Is your advisor retirement ready? - MoneySense

Is your advisor retirement ready?

Most are focused on the years leading up to retirement, rather than retirement itself


ready to retireAging Canadian baby boomers are increasingly in the sweet spot for financial planners and eldercare professionals. Peter Wouters, a director of Empire Life Investments, says the industry needs to rethink retirement and its relevance to its practices.

Wouters describes a “silver tsunami” of leading-edge boomers who started turning 70 two years ago; indeed, 12,500 North Americans turn 50 every day—one every seven seconds.

He reminds advisors their customers know what they’re retiring from, but many have only a vague idea of what they’re retiring to.

When the industry interviews pre-retirees, they think they will miss the money once they retire, but in practice, most retirees miss the social interaction; many end up “unretiring” or launching encore careers.

And advisors are aging right along with their customers: Wouters points out that the average age of an advisor in Canada is now 58. Most of their clients have not tried to redefine who they’re going to be next, so many return to work, which is how they identify themselves to others. This is one reason most advisors themselves don’t retire.

Because of the great unknown of how long retirement will be—the trend is to greater longevity and longer work spans—there’s still a lot of fear and uncertainty about how long money will last in retirement. Wouters says only four in 10 know the amount of future retirement income they will need; 61% of affluent boomers know the number but only 28% of those with middle incomes do. And even if they know the number, they don’t know if it will be enough. “The good news is we will live a long, long time,” he says. “The bad news is we will live a long, long time.”

This uncertainty presents a planning opportunity for professionals prepared to focus on this cohort. 56% need help understanding what investments will best suit their needs; 53% want to know how retirement portfolios will react in certain markets; 53% need assistance adjusting portfolios for how they will react in certain markets; and 51% need help deciding how much they will require in retirement.

Elders want to be treated holistically, and they need someone to pull it all together and make sense of the plans, products, documentation and surrounding issues.

There is a big difference between wealth accumulation and de-accumulation, also known as decumulation. As Wouters puts it, when you’re a pre-retiree still in the workforce, investment income is merely nuisance income that you have to reinvest and pay taxes paid on annually. But in decumulation, it becomes one of several important income sources, along with two sets of CPP, two sets of OAS, LIRAs, RRSPs, segregated funds etc., all taxed and reported differently. The challenge is to replicate the income from multiple sources that previously may have come from just one or two streams of employment income.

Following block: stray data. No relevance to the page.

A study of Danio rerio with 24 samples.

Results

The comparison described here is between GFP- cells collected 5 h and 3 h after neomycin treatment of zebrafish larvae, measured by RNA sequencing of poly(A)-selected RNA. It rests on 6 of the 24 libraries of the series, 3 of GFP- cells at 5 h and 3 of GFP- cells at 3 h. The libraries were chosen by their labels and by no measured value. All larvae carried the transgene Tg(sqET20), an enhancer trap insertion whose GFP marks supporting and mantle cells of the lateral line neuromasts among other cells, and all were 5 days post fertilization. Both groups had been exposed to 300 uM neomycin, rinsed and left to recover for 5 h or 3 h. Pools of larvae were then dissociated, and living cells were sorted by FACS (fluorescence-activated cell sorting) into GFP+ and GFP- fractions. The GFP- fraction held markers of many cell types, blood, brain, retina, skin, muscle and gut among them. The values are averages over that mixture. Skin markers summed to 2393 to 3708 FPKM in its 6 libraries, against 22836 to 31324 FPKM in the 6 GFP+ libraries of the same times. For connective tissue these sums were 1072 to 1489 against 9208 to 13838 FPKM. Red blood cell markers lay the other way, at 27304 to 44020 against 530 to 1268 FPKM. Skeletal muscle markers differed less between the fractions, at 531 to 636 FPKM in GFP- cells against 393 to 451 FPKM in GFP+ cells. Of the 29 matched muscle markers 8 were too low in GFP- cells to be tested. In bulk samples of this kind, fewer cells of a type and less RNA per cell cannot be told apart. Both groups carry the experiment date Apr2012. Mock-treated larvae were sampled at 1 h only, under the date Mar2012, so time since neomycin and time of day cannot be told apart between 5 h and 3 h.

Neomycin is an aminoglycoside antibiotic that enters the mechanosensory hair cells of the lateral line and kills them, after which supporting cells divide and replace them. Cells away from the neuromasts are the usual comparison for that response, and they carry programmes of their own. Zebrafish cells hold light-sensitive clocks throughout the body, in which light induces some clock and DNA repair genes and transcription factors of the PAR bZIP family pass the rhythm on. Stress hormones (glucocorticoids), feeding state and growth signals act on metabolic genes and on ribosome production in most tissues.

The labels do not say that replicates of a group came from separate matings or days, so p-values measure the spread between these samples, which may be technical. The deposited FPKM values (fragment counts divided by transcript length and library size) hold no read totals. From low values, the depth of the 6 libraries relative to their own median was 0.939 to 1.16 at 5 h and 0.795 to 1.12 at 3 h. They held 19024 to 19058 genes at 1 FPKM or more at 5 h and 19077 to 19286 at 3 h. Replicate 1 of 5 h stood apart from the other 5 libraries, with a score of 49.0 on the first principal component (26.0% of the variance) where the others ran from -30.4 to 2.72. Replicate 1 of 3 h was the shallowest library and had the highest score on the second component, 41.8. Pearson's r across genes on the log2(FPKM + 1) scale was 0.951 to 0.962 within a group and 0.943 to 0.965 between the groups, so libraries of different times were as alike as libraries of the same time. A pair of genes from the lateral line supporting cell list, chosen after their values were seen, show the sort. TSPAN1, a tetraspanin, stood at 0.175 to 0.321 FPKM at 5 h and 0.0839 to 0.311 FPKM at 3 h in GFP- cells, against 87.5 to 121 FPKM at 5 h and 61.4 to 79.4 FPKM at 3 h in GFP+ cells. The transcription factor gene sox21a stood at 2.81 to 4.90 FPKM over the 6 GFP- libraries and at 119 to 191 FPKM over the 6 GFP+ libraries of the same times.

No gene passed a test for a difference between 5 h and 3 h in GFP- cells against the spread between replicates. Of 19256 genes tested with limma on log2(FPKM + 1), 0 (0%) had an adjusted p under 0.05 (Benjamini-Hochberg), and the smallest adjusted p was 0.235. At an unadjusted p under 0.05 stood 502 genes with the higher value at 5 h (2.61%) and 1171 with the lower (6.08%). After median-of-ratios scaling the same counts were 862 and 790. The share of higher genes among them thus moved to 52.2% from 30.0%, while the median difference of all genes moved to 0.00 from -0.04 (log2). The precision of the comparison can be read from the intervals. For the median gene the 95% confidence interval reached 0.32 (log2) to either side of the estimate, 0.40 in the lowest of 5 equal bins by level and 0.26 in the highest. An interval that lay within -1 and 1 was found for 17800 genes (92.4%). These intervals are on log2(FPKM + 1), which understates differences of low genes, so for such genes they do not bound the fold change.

Most investors would give up 100 or 200 basis points of annual return in exchange for regular, meaningful contact with an advisor, Wouters says. “That says regular contact is more important than shooting the lights out on performance, which in their heads they know is not sustainable.”


But they’re less equipped to deal with the life events of the elderly, including eight stages of retirement, health issues, loss of independence and mental capacity, and family issues like the empty nest and the sandwich generation. Expertise is also needed on fraud prevention, housing, end-of-life issues and funeral arrangements.

Kupusa’s own practice is designed for seniors, with appropriate office space featuring accessible parking and mobility, no background noise and soft skills like patience, empathy and listening.

A huge issue is health and caregiving: some eight million Canadians provide care to a chronically ill or disabled friend or love one. With longer life expectancy comes more chronic health issues, dementia and loss of cognitive ability. “Health is always a priority over finances, triggered by a crisis.”

Health care costs are approaching $216 billion a year in Canada, while they make up 42% of Ontario’s annual budget, a figure expected to rise to 50%. “Government funds are drained and changes are coming.”

But despite the huge part health care will play in their clients’ lives, only 22% have saved or planned for health care expenses, even as 53% worry about the cost of drugs and medical treatment in retirement. 47% worry about being in long-term care longer than they are prepared for financially. And “76% are stressed out, citing money, money, money as the top three factors.”

You can’t plan without knowing the cost: Kupusa cites long-term care expenses of $2,300 to $2,500 a month, and retirement residences cost $2,800 to $4,500 or more. In-home nursing personal support workers charge $21 to $25 an hour, while a registered nurse costs $45 an hour.

MoneySense contributing editor Jonathan Chevreau runs the Financial Independence Hub and can be reached at [email protected].